Along with the miniskirt, towering, glossy beehive hairdos are among the images associated with the 1960s. All around the world, women who could afford to embraced the “swept-up” look. The problem was, few had tresses long enough to give the style its fullest effect. No problem – a well-made wig could create the same impression, with no more effort than taking it out of the box and pinning it in place.
Wigs also afforded relative anonymity for public figures, especially Chinese movie stars; by not wearing a beehive wig, and donning a pair of sunglasses and ordinary clothes, a perennial paparazzi victim could easily blend into the crowd.
Wigs, of course, are nothing new. Each historical period has its own defining fashions, and 18th-century Europe saw the rise of the powdered wig, for both men and women. Some were made of horsehair or other glossy natural fibres, such as jute, but most used human hair.
A lingering sartorial remnant from these times can still be seen in Hong Kong’s courtrooms, where part of the formal attire for barristers is a powdered horsehair wig, tied in a bow at the back; judges wear a longer, thickly ringletted version.
In 19th-century Europe, desperate poverty drove many to sell their hair. Short hair marked out a woman’s low socio-economic status just as surely as going about the streets in grubby rags. In Louisa May Alcott’s classic novel Little Women, feisty heroine Jo sells her hair for US$25, to help defray her mother’s urgent travel expenses – a sizeable sum of money when the book was published, in 1868.
Women also sold their hair in China, during the interwar years; women’s wigs, then, were made exclusively from human hair and the costs were considerable. Most wigs were deployed, much as male hairpieces still are, as a way of camouflaging baldness. Some were used – like hair extensions today – to create fashionable effects, such as a tightly rolled chignon that the wearer simply did not have enough hair to achieve.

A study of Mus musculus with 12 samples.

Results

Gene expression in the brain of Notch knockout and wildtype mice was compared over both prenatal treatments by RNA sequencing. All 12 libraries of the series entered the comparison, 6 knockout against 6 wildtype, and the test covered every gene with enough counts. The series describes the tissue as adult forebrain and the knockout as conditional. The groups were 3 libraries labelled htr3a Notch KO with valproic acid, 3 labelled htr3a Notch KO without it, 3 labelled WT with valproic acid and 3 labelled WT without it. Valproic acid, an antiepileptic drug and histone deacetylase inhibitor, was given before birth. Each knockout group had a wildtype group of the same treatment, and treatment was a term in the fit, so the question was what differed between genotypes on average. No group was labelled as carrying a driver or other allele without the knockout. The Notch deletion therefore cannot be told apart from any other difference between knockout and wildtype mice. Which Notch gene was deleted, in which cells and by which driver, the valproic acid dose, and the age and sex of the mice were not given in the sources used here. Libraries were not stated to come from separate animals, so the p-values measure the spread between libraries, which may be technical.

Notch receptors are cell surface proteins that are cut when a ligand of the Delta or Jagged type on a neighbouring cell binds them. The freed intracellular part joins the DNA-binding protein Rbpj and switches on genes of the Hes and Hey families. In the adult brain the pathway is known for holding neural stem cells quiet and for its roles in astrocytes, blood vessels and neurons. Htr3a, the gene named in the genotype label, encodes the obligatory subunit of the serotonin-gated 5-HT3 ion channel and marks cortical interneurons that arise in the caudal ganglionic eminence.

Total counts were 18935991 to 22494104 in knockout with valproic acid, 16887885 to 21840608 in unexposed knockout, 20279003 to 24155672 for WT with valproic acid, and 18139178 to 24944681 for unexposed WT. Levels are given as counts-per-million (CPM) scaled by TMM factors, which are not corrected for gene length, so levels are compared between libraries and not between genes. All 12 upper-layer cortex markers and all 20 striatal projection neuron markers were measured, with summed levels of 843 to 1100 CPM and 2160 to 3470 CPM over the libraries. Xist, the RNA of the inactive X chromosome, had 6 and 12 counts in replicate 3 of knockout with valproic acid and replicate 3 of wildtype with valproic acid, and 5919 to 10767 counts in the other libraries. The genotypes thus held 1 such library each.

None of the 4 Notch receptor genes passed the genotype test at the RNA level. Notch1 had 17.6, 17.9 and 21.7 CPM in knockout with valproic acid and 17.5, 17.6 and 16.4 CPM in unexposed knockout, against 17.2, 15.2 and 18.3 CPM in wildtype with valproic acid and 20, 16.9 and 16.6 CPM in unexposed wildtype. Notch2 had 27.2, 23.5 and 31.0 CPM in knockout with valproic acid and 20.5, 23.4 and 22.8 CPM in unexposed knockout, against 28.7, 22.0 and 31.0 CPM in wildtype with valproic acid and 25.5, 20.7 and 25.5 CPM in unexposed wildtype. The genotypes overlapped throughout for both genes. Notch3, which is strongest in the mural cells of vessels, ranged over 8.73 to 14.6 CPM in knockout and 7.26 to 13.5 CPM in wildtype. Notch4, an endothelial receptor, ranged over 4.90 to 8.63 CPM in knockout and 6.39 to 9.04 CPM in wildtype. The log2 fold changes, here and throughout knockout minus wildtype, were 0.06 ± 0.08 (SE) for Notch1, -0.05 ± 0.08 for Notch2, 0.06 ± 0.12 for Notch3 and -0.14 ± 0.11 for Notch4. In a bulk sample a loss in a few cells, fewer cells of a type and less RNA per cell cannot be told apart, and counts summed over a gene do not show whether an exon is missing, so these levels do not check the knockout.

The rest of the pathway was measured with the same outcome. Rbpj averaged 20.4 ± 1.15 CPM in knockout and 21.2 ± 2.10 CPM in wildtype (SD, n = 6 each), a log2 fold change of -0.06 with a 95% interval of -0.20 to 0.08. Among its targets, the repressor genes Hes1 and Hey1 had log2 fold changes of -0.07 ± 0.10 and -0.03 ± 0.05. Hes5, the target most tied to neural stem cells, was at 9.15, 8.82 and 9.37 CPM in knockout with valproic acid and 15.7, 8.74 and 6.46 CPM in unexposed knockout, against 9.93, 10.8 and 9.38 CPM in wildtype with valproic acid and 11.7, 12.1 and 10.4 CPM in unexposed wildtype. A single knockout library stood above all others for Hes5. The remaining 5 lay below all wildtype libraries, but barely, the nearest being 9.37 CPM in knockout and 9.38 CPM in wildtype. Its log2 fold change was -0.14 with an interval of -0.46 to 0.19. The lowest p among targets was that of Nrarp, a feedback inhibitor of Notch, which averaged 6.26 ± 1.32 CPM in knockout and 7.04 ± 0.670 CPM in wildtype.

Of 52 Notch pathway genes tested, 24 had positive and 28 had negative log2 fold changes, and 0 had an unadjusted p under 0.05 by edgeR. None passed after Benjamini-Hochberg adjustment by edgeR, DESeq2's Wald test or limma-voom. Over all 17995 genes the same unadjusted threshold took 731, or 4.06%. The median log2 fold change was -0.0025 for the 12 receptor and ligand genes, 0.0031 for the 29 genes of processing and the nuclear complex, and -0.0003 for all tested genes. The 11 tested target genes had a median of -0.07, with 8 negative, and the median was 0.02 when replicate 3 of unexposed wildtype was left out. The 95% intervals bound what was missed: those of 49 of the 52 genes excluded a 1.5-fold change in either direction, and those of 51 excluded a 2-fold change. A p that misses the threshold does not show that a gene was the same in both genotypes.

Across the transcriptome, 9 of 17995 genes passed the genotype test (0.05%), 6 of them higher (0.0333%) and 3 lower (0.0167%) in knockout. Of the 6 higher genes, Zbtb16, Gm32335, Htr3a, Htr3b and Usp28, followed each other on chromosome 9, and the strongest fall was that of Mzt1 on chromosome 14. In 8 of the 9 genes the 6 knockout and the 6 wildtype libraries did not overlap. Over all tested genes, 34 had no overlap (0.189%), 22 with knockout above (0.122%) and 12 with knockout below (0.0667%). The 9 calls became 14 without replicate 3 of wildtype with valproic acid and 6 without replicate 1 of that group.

In the 1950s and ’60s, Hong Kong’s wig industry boomed. This expansion coincided with the rise of the local plastics industry. After all, only a few minor chemical variations differentiated the ingredients for a bunch of plastic flowers and a curly wig made from natural-looking artificial hair. Hong Kong’s toy industry was also a steady consumer of artificial hair; all those plastic dolls destined for the world’s Christmas trees needed long, curly tresses, too. High-quality wigs still used human hair and while most was obtained locally, some was imported from China.
Not all wigs exported from Hong Kong were styled in Western fashions. Indonesian women – especially in Java – had long worn a thickly curled bun at the nape of the neck, known as a gelung, on formal occasions. These were particularly important for wedding or court attire, and could be hired as part of a costume. By the late ’50s, Hong Kong’s wigmakers were supplying a good share of the Indonesian market with gelung.
Japanese women also traditionally wore large buns, known as shimada, and demand existed for artificial versions. By the ’40s, this fashion was diminishing, but a small portion of Hong Kong’s wig output went to Japan.
By the ’70s, in keeping with the liberated ethos of the period, more natural, less heavily coiffed looks prevailed in international fashion, and the wig trend subsided. Some wigs are still manufactured locally but, as with much else, production has dramatically declined from Hong Kong’s post-war industrial boom years.